Benzene exposure is on the rise across America. As the levels of benzene production have risen over the years, so too has the level of public exposure to the harmful carcinogen. According to a recent study released by the EPA, levels of toxic chemical pollution nationwide rose by 5% in 2002, with many environmental groups alleging that benzene levels in the air may be up to five times higher than official estimates suggest. The problem is even more relevant for workers, as estimates show that 3 million workers per year are exposed to benzene, despite the rigid standards imposed on the workplace.
Benzene exposure puts many people at risk because it occurs in various environments and comes from numerous sources. Outdoor air contains low levels of benzene from tobacco smoke, automobile service stations, exhaust from motor vehicles, and industrial site emissions. Indoor air generally contains higher levels of benzene from the use of common household products that contain it, such as glues, paints, furniture wax and detergents. Industries and processes that still use benzene and constantly put their employees at risk include coke, gas, chemicals, paint, rubber, adhesive, printing and lithography, and petroleum. Many chemical laboratories still use benzene as a solvent and reactant in various applications despite knowing its link to health problems.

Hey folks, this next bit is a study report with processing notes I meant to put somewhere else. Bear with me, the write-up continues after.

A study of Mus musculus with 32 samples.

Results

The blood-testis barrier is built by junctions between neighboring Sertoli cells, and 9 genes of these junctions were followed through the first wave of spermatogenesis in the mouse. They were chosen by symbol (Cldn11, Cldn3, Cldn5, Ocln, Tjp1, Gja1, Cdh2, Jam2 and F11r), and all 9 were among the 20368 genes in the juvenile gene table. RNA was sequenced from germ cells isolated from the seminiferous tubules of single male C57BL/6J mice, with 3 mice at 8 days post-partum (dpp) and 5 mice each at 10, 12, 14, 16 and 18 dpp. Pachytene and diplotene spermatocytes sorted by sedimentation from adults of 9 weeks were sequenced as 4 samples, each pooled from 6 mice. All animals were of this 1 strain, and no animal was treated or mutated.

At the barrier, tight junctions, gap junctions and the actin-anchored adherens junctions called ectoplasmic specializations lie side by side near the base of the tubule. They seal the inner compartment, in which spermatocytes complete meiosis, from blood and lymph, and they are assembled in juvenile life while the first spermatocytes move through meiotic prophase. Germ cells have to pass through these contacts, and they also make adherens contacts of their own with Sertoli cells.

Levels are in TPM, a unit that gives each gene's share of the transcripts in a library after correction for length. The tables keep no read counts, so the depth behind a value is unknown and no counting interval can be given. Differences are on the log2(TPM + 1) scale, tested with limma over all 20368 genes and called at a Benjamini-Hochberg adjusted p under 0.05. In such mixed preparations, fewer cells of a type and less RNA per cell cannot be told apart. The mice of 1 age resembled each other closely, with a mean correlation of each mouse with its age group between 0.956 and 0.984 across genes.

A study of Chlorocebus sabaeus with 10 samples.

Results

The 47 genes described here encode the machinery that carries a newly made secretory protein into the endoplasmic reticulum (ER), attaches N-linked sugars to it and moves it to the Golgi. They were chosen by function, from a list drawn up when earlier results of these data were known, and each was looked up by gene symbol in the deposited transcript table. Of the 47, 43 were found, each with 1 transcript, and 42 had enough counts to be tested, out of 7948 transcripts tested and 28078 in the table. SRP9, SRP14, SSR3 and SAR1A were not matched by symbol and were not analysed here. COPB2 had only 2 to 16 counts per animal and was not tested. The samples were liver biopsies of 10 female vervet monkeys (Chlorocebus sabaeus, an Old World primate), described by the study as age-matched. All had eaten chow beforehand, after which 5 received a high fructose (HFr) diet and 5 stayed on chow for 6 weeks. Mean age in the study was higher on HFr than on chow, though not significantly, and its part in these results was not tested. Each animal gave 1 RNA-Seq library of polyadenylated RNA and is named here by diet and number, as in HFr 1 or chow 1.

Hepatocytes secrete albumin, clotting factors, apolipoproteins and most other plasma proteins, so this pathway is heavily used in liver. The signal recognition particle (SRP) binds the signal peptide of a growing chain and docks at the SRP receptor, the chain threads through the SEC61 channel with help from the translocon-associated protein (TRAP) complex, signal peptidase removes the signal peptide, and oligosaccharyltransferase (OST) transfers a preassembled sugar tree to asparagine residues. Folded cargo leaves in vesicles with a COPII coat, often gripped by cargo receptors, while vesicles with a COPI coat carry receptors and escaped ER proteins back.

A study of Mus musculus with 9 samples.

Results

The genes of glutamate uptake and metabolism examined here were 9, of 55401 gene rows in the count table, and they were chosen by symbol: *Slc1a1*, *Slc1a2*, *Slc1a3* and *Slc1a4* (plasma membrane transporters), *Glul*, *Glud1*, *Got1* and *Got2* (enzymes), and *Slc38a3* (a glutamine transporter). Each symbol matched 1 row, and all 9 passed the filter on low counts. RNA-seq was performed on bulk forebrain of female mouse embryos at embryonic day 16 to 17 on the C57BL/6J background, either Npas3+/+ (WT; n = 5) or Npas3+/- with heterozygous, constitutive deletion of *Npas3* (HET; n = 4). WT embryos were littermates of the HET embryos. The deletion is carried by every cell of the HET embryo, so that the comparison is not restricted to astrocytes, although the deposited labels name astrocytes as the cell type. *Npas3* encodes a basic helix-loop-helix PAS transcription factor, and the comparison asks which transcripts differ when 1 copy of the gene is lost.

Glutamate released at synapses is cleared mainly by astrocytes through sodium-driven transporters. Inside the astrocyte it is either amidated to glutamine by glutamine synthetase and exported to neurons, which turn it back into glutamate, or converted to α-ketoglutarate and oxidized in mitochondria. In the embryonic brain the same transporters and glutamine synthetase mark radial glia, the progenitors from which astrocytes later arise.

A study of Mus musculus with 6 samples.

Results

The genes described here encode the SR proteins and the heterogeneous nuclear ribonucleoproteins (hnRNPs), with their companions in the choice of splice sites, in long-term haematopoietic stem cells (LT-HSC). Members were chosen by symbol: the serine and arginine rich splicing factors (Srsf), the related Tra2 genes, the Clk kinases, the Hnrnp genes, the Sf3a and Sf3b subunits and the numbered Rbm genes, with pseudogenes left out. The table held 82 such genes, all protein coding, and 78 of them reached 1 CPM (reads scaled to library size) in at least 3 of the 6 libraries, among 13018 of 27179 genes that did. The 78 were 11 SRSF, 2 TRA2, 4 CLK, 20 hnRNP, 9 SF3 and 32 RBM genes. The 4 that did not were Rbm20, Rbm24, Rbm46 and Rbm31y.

In an effort to monitor our breathable air supply, benzene exposure is heavily regulated by agencies such as OSHA and the FDA. The maximum benzene exposure level in the air is set by OSHA at 1 part per million (ppm) over an eight hour day and forty hour work week, and is not to exceed 5 ppm at any time. Benzene exposure can be detected in the body by blood and breath tests, and in the environment by simple monitoring equipment.
As many Americans have already discovered, benzene exposure is a serious and undisputed health hazard, and its effects are potentially life-threatening. Not only has research shown benzene to be a carcinogenic (cancer-causing) chemical, but chronic (long-term) benzene exposure has been linked to various forms of leukemia by studies published as early as 1922. Even if cancer does not result, chronic benzene exposure can affect bone marrow and blood production. Acute symptoms of benzene exposure can include eye and skin irritation, dizziness, nausea, lightheadedness, headache and irregular heartbeat. In women, prolonged benzene exposure in the air can result in irregular menstrual patterns and decreased ovary size. Food or water contaminated with benzene can induce vomiting, stomach irritation, convulsions and even death.
If you have experienced benzene exposure and would like to learn more about your legal rights, contact us.